For the first time in his six years as president, Barack Obama met behind closed doors with an exclusively domestic group of Muslims for about an hour on February 4. They covered the boringly predictable topics, judging by the official readout, accounts by participants, and newsreports.
What about the guest list? It includes a curiously unimpressive and motley collection of modestly accomplished individuals of little renown:
- Diego Arancibia, Ta’leef Collective
- Bilqis Abdul-Qaadir, Indiana State University
- Azhar Azeez, Islamic Society of North America
- Maya Berry, Arab-American Institute
- Hoda Elshishtawy, Muslim Public Affairs Council
- Rahat Hussain, Universal Muslim Association of America
- Sherman Jackson, University of Southern California
- Farhana Khera, Muslim Advocates
- Farhan Latif, Institute of Policy and Understanding
- Mohamed Magid, Adams Center
- Haroon Mokhtarzada, Webs
- Dean Obeidallah, radio host
- Kameelah Mu'Min Rashad, University of Pennsylvania
- Arshia Wajid, American Muslim Health Professionals
Here are my thoughts: It hardly needs to be said, but I’ll say it anyway: Almost all the guests are Islamists while not a single anti-Islamist made the cut.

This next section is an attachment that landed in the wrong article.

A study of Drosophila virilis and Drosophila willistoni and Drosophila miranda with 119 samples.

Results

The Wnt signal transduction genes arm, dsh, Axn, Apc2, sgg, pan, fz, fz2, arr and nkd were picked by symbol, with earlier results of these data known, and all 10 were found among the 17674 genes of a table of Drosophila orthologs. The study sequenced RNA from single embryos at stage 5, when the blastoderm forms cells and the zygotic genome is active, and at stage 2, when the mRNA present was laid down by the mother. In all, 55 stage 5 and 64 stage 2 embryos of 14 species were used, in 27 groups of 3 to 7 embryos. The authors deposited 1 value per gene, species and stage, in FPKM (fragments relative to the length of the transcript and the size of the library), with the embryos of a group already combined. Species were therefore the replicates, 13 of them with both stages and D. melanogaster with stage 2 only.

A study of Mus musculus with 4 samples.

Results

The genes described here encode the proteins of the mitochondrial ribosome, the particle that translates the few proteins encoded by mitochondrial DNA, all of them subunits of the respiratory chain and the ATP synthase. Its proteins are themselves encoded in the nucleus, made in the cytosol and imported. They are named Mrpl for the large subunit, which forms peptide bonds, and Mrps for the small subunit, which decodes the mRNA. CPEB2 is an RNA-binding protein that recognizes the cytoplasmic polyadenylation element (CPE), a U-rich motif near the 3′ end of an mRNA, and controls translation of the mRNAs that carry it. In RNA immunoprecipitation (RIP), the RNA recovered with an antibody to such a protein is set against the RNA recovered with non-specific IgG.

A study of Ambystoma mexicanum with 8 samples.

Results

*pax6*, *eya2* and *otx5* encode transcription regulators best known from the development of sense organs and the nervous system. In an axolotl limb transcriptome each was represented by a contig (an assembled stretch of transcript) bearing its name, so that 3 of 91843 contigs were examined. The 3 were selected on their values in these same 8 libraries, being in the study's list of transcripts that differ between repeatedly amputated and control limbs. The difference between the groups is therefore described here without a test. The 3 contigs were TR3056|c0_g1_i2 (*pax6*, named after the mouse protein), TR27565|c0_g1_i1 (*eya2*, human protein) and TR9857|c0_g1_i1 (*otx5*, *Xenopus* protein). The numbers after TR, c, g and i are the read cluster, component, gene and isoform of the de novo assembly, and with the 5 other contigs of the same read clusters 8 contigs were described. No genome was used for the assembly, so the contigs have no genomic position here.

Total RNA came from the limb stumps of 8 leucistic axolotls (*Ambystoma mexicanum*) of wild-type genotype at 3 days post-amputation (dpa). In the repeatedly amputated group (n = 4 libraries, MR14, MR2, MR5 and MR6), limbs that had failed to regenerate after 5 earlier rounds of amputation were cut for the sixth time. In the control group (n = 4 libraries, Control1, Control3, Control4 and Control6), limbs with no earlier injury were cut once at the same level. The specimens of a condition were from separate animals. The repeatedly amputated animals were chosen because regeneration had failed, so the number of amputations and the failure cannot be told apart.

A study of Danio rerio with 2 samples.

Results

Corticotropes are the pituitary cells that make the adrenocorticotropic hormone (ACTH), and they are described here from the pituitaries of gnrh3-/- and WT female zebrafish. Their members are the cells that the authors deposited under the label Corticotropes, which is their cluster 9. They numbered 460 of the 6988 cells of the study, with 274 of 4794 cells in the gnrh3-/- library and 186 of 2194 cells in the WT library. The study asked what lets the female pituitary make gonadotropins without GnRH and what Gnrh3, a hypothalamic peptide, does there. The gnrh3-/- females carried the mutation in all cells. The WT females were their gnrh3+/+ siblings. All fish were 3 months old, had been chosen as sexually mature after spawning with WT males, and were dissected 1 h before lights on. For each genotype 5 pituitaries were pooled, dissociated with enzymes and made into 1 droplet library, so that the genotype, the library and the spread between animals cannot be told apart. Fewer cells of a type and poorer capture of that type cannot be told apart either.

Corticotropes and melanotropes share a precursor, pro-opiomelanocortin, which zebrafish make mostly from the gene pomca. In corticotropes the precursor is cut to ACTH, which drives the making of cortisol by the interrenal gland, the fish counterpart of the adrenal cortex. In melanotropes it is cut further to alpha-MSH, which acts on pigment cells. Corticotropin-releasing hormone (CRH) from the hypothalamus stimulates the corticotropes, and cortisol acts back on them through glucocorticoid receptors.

Eight participants are affiliated with organizations, though one of them, the Arab-American Institute, is ethnic, not Islamic. Has the White House staff not yet learned that not all Arabs are Muslims, and especially not all Arab-Americans?
Six participants do other things: a basketball coach (Abdul-Qaadir), a professor (Jackson), an imam (Magid), a businessman (Mokhtarzada), a “comedian” (Obeidallah), and a university chaplain (Rashad). Hard to see how these folks are “leaders.”
In a Friday, Jan. 30, 2015 file photo, President Barack Obama speaks in the East Room of the White House in Washington. (Image source: AP/Carolyn Kaster, File)
A White House decision to tone down what is by nature a controversial meeting probably explains the absence of notable religious figures such as Zaid Shakir, Siraj Wahaj, or Hamza Yusuf. This would also explain the absence of big names from Muslim-American institutional life such as Nihad Awad or Louis Farrakhan.
The list contains several surprises: Two lowly staffers represented the Muslim Public Affairs Council and Ta’leef. The obscure Bilqis Abdul-Qaadir represented basketball, rather than the famed Kareem Abdul-Jabbar or Hakeem Olajuwon. And where are such Muslim-American stars such as Muhammad Ali, Farouk El-Baz, Omar Sharif, McCoy Tyner, and Ahmed H. Zewail?
MPAC made the cut but not the Council on American-Islamic Relations; the latter must be seething, especially as it is hoping for U.S. government assistance to get off the United Arab Emirates' terrorism list. This fits a long-term pattern of preferring tamer Islamists over more aggressive ones. Same story with Islamic Society of North America and Islamic Circle of North America.
In conclusion, this meeting appears to have been pro-forma, part of the political preparation for the “Summit on Countering Violent Extremism” to be held at the White House on February 18. The president invested an hour to protect his standing among his Islamist constituency.